Through the miracle of the internet, I have become friends with Jude, from Louisiana. He raises Longhorn cattle just like ours here at the ranch, and is an avid nature lover. In his spare time, he also keeps bees, and removes bee and wasp hives from neighboring farms, homes and ranches. His videos of bee and wasp removal are scary, but I like his philosophy of not destroying the hives if he doesn’t have to.
Jude and I have traded our local products…he sent me some of his amazing Louisiana honey, and I sent him a small pile of chile piquin from my yard. From what he tells me, they chile plants are thriving. I can’t say the same for his honey. We clobbered it hard. Absolutely delicious!
He requested that I post a recipe for gingerbread, so here it is. This is an adaptation of my regular gingerbread recipe that I use for making gingerbread men and gingerbread houses. But for Jude, I wanted to send him a recipe that used his good Louisiana honey. This gingerbread is crispy and spicy, and will still work beautifully for any gingerbread project you have in mind. You will have to wait to see what I create with it.
Some recipes for gingerbread call for chilling the dough, which you can do. But I find room temperature gingerbread dough rolls out thin, which is what you want for crispy cookies. So I usually mix it up, roll it out, and cut it up. No resting period, and no chilling.
Also, if you don’t feel like rolling them out, you can always use a cookie press. The ginger snaps are just as pretty and tasty, but with a bit less mess.
This recipe also calls for fresh ginger, which you can grate yourself using the finer holes on a cheese grater. For a spicier gingerbread, add twice as much frehs ginger. Dried ginger is fine too, but it never seems to get as spicy as fresh.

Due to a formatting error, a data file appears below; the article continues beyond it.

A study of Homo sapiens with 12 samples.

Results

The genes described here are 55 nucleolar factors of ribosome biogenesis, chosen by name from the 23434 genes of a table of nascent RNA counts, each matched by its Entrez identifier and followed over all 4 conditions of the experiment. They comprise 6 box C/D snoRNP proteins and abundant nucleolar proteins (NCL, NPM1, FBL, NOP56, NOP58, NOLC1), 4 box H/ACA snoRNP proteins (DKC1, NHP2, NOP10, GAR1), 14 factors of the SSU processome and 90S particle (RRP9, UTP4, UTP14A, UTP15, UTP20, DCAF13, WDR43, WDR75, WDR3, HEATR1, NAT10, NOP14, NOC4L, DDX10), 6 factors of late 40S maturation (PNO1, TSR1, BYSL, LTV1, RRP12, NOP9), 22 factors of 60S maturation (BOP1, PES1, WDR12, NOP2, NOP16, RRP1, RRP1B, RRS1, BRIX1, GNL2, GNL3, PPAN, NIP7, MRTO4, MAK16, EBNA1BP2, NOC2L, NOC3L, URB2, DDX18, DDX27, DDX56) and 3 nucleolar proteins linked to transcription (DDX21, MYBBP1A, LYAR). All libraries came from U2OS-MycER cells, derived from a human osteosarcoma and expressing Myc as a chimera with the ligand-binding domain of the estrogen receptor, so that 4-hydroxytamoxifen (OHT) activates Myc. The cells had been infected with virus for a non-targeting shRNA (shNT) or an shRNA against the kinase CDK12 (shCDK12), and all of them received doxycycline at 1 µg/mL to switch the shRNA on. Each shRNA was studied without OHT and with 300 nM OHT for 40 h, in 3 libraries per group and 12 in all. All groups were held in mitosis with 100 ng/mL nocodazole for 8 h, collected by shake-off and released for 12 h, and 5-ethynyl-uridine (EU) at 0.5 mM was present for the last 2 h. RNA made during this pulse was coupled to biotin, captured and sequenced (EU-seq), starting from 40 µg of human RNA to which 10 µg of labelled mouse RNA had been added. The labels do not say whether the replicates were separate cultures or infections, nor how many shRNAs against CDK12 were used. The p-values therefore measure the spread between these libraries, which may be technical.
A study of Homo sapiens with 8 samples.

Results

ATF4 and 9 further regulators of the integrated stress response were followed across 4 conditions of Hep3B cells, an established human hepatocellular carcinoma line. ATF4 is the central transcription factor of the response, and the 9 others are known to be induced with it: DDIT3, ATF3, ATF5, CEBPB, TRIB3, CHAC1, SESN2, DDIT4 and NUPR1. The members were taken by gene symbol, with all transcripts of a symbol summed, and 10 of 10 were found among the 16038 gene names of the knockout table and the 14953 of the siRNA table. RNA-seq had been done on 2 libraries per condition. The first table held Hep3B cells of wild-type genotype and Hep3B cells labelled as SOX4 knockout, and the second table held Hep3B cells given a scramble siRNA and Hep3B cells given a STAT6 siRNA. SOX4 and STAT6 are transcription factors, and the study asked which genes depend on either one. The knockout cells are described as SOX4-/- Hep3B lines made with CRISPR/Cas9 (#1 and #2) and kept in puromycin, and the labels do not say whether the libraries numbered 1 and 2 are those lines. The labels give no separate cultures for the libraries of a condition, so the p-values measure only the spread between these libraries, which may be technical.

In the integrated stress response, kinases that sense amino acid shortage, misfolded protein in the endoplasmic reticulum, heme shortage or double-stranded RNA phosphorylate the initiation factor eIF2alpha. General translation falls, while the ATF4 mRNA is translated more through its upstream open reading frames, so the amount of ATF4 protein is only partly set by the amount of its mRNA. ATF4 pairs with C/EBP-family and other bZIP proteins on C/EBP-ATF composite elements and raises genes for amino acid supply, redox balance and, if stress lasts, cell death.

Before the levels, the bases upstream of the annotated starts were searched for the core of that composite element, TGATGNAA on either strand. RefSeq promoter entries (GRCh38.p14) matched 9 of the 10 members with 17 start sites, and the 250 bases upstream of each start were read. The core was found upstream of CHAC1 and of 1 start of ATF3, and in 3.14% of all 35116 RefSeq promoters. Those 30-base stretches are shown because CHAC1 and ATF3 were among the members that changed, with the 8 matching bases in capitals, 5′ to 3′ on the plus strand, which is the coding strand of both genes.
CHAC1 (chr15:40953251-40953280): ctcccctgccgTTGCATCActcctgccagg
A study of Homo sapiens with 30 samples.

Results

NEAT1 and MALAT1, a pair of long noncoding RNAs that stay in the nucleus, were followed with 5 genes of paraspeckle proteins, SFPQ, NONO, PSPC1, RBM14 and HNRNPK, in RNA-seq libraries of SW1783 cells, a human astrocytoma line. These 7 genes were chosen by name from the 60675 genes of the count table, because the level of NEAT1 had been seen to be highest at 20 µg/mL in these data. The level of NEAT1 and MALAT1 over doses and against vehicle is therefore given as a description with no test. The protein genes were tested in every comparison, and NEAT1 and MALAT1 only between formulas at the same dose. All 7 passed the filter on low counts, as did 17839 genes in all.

Merry Christmas, Jude! Enjoy the cookies. Keep sending me photos of your chile plants in 2019!Print
Frosted Honey Ginger Snaps
- Prep Time: 15 min
- Cook Time: 12 min
- Total Time: 27 minutes
- Yield: 4 dozen cookies
- Category: Dessert
- Method: Baking
- Cuisine: Continental
1 stick butter, softened (115 gr)
½ cup honey (120ml)
¼ cup molasses (60 ml)
½ cup granulated sugar (62 gr)
3½ – 4½ cups all-purpose flour (437 gr)
¼ tsp salt (1 gr)
1½ tsp. grated fresh ginger (or equal amount of ground dry ginger-2gr)
1 tsp. ground cloves (2gr)
1/2 cup powdered sugar (62 gr)
1/4 tsp. merengue powder (1 gr)
2 tsp. tap water (10 ml)
Preheat oven to 350°F (176°C). Combine butter, honey, molasses, and sugar in the bowl of a mixer. Beat until fluffy. Add the egg, 1 cup of the flour, the ginger and cloves, and beat briefly until well combined. Add another cup of flour, and beat. Add the flour a cup at a time until you have added a total of 3 1/2 cups of flour (412 gr) and mix until well combined. Do no over beat, total mixing time shouldn’t be more than 3 minutes.
Remove the dough from the mixer, and hand knead the remaining 1 cup of flour (125gr) into the dough, until the dough is no longer sticky, about 3 minutes. Coat a rolling pin with extra flour, and liberally flour your rolling surface also. Roll out to 3/16″ thickness (1 cm). Cut to desired shape, place on a baking sheet lined with parchement paper. Bake until golden brown, about 12 minutes. Cool completely.
Once the ginger snaps are cool, prepare the glaze. Stir together the glaze ingredients, adding a few more drops of water to adjust the thickness of the glaze for drizzling.
Using a spoon, drizzle the glaze over the top in a thin stream, and allow the glaze to dry until hardened.
Chlling the dough will result in thicker cookies. I prefer to leave the dough at room temperature so that it rolls out thin and even. Use enough flour so that the dough does not stick to your rolling surface.